What Is An Equal Remuneration Order?
An equal remuneration order can be made by the Fair Work Commission (FWC) where an employee is being paid less because of their gender. Read more here.
Pursuant to section 302 of the Fair Work Act 2009 (Cth), the Fair Work Commission (FWC) may make an equal remuneration order. Such order ensures that there will be equal pay for work of equal or comparable value. This order is applicable to those who are paid less due to their gender.
Who can apply for an equal remuneration order?
An employee, an employer, or the Sex Discrimination Commissioner can make an application. The FWC will take into account previous orders and determinations made in annual wage reviews in order to determine whether to hear the application.
What is the purpose of an equal remuneration order?
According to the FWC’s Gender Pay Equity Guide, the purpose of the order is to ensure that there is:
- Equal pay for men and women performing the same jobs
- Equal pay for men and women performing different work of equal value
- No consideration of gender when increasing wages
- No consideration of gender when offering work-based training, promotions and flexible working arrangements
What will the FWC consider when deciding whether to make an equal remuneration order?
According to section 4 of the Fair Work Act 2009 (Cth), the FWC will take into account the following:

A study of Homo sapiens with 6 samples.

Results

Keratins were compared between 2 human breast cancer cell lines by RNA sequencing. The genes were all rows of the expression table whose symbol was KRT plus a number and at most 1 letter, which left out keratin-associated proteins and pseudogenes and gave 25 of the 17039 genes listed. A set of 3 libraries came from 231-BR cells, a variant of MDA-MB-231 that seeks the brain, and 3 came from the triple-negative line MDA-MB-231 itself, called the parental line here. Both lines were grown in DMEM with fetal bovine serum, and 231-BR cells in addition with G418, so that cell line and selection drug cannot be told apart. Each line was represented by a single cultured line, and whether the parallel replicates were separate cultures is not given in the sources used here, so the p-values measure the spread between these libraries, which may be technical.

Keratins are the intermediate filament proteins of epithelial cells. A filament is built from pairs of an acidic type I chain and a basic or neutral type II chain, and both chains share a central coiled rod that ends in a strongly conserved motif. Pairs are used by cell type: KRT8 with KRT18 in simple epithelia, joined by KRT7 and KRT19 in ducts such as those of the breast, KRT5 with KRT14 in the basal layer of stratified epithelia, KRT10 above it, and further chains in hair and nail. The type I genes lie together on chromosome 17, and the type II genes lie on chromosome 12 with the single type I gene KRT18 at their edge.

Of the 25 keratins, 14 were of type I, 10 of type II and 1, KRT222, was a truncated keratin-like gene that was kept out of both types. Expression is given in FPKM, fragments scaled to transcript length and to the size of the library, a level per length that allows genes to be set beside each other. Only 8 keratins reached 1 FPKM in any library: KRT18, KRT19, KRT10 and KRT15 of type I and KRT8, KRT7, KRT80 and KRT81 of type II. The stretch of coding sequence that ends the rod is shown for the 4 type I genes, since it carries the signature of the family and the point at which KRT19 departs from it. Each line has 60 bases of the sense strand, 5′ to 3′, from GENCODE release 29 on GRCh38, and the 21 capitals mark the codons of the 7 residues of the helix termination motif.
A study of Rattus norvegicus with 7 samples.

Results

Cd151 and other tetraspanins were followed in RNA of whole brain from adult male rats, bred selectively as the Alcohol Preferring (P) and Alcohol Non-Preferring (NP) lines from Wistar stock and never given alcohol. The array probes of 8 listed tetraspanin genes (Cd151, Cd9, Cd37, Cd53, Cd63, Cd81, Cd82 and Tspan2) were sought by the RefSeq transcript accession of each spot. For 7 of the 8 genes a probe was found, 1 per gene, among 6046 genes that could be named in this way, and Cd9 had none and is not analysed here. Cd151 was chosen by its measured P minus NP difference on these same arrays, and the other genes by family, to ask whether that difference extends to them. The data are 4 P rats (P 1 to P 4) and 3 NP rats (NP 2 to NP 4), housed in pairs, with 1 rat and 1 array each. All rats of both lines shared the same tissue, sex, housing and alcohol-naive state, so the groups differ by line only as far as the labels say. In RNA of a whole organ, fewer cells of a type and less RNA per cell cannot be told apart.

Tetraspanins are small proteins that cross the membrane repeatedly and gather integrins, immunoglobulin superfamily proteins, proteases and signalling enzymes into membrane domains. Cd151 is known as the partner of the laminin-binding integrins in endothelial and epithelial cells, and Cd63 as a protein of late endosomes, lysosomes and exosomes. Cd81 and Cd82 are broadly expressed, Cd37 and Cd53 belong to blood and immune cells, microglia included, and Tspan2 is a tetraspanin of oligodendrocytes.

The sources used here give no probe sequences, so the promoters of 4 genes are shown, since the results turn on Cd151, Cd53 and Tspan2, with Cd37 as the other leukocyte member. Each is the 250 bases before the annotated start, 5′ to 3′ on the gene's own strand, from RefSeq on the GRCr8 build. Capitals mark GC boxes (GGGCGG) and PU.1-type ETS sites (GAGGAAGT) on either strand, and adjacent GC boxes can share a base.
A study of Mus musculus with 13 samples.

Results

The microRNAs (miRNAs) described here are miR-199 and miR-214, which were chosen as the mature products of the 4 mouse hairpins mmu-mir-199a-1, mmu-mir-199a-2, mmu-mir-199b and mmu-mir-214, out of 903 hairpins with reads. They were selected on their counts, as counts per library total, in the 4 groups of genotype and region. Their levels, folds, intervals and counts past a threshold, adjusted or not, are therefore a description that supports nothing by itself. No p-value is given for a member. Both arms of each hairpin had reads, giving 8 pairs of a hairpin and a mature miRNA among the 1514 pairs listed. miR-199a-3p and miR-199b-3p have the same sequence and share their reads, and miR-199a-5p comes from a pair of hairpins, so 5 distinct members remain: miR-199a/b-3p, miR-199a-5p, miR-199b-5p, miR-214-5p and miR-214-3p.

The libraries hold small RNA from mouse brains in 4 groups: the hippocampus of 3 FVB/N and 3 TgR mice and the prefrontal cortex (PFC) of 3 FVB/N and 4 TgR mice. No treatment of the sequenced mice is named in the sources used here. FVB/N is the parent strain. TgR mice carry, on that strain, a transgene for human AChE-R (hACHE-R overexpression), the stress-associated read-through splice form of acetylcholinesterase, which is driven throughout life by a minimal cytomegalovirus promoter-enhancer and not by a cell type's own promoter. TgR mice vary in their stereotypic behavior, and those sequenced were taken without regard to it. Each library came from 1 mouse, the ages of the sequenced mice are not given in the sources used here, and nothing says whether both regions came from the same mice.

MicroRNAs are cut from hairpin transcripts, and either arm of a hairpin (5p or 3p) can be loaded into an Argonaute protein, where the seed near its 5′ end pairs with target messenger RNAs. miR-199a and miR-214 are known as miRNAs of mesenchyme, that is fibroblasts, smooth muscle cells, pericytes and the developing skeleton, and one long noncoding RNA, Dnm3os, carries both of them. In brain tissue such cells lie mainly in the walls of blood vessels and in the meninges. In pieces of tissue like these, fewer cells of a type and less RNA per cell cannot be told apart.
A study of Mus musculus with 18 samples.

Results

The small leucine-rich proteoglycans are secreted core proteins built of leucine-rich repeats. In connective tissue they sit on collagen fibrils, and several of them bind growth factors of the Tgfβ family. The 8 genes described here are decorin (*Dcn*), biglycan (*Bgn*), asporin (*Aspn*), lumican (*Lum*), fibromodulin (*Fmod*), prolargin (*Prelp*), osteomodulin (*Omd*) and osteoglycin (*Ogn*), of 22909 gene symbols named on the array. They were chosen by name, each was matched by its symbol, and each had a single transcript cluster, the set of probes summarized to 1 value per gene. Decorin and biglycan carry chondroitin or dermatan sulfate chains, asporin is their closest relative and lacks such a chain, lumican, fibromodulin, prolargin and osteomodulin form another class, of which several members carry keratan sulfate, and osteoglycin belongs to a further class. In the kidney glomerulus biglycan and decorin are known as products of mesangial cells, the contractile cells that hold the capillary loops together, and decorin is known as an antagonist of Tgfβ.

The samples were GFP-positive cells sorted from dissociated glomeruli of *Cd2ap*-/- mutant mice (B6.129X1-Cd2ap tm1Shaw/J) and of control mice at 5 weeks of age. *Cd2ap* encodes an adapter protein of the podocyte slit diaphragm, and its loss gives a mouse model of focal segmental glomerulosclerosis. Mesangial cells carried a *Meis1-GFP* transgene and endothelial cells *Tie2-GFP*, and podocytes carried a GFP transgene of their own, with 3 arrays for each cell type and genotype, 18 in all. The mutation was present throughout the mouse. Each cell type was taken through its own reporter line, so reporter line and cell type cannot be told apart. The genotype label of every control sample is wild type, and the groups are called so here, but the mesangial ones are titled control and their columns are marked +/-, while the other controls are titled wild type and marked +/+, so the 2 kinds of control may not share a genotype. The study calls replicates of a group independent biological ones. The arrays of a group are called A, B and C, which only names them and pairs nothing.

- Decisions made by the FWC in annual wage reviews
- The reasons for those orders and determinations
It is important to note that the FWC makes its decision by engaging in an “expert panel”. Section 620 of the Fair Work Act 2009 (Cth) defines an “expert panel” as 7 FWC members. At a minimum, an expert panel consists of the FWC President and at least 3 members in specialist fields relating to workplace relations, economics, social policy, or business. The order can only be made if there is absolute certainty that there is pay discrimination on the basis of gender.
What happens after an order is made?
The order will prevail over any modern award, enterprise agreement, previous FWC orders or any previous statutory instrument. If an employer contravenes an equal remuneration order, they may be subject to a penalty pursuant to the Fair Work Act 2009 (Cth). An employment lawyer can help you make an application to the FWC. If you think that you are being paid less than a colleague due to gender, an equal remuneration order can ensure you’re being paid fairly. This type of order also sends a broader message to employers everywhere that unequal pay is not only unfair, it is illegal.
Gianluca is a legal tech intern at Lawpath. He is in his final year at the University of Technology Sydney studying a double degree of Communications (Social and Political Sciences) and Law. He is interested in the role that technology has in commercial litigation.